Thu, 10 Nov 1994 10:58:38 -0800 (PST)
On Wed, 9 Nov 1994, Kyle Hayes wrote:
> I think we should initially target a relatively sophisticated audience
> at first.
Our very very first audience is going to be people who can ftp, have
some spare time to fiddle and think our product looks "interesting".
> I agree that we should be able to provide (or give access to) a suite
> of "productivity 'ware" like wordprocessors etc., it seems very unrealistic
> to think that we could actually write a full distributed system that runs
> on multiple platforms and write all the user apps too.
I'm pessimistic about those productivity apps appearing anywhere in the
near future for our OS. A few simply ones maybe, but nothing like Excel.
> I don't have that high an opinion of our abilities. Maybe we are all
> the greatest programmers who have ever lived, but somehow I just don't
> think even that would be enough.
Nor does those few hours a week we'll each spend quickly add up to the
10K man years Microsoft has probably dumped into its apps. SGI doesn't
do word processors, but their still in business. I'm all for finding a
good niche market and really trying to have an influence there. I'm a
complete novice at, but a big fan of, rendering realitic graphics. So
maybe I'll make a push for that niche.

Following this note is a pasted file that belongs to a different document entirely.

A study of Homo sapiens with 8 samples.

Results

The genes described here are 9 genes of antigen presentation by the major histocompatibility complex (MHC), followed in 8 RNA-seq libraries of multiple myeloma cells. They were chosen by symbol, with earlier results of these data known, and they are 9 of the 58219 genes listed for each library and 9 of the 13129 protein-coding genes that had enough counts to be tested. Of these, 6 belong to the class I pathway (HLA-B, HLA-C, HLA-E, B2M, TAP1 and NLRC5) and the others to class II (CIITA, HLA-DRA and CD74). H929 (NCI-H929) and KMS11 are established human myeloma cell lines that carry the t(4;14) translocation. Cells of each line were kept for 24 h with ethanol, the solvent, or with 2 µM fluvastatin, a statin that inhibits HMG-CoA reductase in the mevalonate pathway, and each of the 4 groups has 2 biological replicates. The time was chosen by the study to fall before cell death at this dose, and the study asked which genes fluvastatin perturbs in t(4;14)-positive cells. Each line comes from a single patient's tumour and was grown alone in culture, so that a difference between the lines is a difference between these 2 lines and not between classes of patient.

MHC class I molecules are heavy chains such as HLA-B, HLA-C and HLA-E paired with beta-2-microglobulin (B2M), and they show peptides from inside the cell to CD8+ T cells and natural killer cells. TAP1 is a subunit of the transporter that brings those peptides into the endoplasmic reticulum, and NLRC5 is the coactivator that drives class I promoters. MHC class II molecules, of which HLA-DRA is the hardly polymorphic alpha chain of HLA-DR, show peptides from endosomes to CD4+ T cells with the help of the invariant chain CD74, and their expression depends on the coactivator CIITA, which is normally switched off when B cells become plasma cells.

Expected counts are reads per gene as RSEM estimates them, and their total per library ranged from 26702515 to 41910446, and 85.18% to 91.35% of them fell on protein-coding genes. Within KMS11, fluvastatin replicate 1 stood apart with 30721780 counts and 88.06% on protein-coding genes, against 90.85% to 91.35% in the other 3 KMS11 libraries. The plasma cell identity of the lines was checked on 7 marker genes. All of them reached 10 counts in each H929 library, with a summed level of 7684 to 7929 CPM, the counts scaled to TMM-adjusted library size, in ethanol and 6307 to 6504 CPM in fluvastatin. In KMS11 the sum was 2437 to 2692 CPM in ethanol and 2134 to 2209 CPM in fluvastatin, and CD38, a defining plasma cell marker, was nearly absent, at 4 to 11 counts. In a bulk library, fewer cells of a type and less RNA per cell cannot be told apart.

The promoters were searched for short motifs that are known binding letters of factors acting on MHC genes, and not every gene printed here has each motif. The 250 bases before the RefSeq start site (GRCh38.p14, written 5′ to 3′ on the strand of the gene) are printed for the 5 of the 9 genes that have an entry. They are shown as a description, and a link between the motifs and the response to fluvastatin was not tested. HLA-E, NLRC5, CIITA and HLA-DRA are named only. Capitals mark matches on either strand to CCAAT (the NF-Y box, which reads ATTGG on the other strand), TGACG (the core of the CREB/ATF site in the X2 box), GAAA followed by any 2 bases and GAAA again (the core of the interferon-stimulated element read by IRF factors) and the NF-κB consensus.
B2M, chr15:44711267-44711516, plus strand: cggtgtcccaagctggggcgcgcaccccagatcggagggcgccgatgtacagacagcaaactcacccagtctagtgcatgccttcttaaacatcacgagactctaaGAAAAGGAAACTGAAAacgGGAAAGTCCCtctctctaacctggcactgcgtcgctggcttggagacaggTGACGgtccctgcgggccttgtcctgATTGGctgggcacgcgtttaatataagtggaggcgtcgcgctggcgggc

> Maybe we will have to write something
> that works over other standard OSs. Maybe we should writ the OS end
> and a POSIX/Mac/Windows compatibility suite and go the other direction.
That's a good question.
I'd like to provide a development environment that can float on top of
other OS's for now. It will minimize the risk/hassle for new
users/programmers trying our system.
On the flip side, by providing some kind of compatibility we could ease
the porting of main stream applications. This would be good by providing
a base of software for end users, but might be bad by under-utilizing our
> Programmers/Marketing goals (Mike, any reason Marketing shows up twice?):
I figured there were two groups we were trying to "sell" to; the
end user who just wants to run his Quicken or games, and the people who
will do the programming. The programmers, naturally, are the first
market we will have to penetrate, or the other will never develop.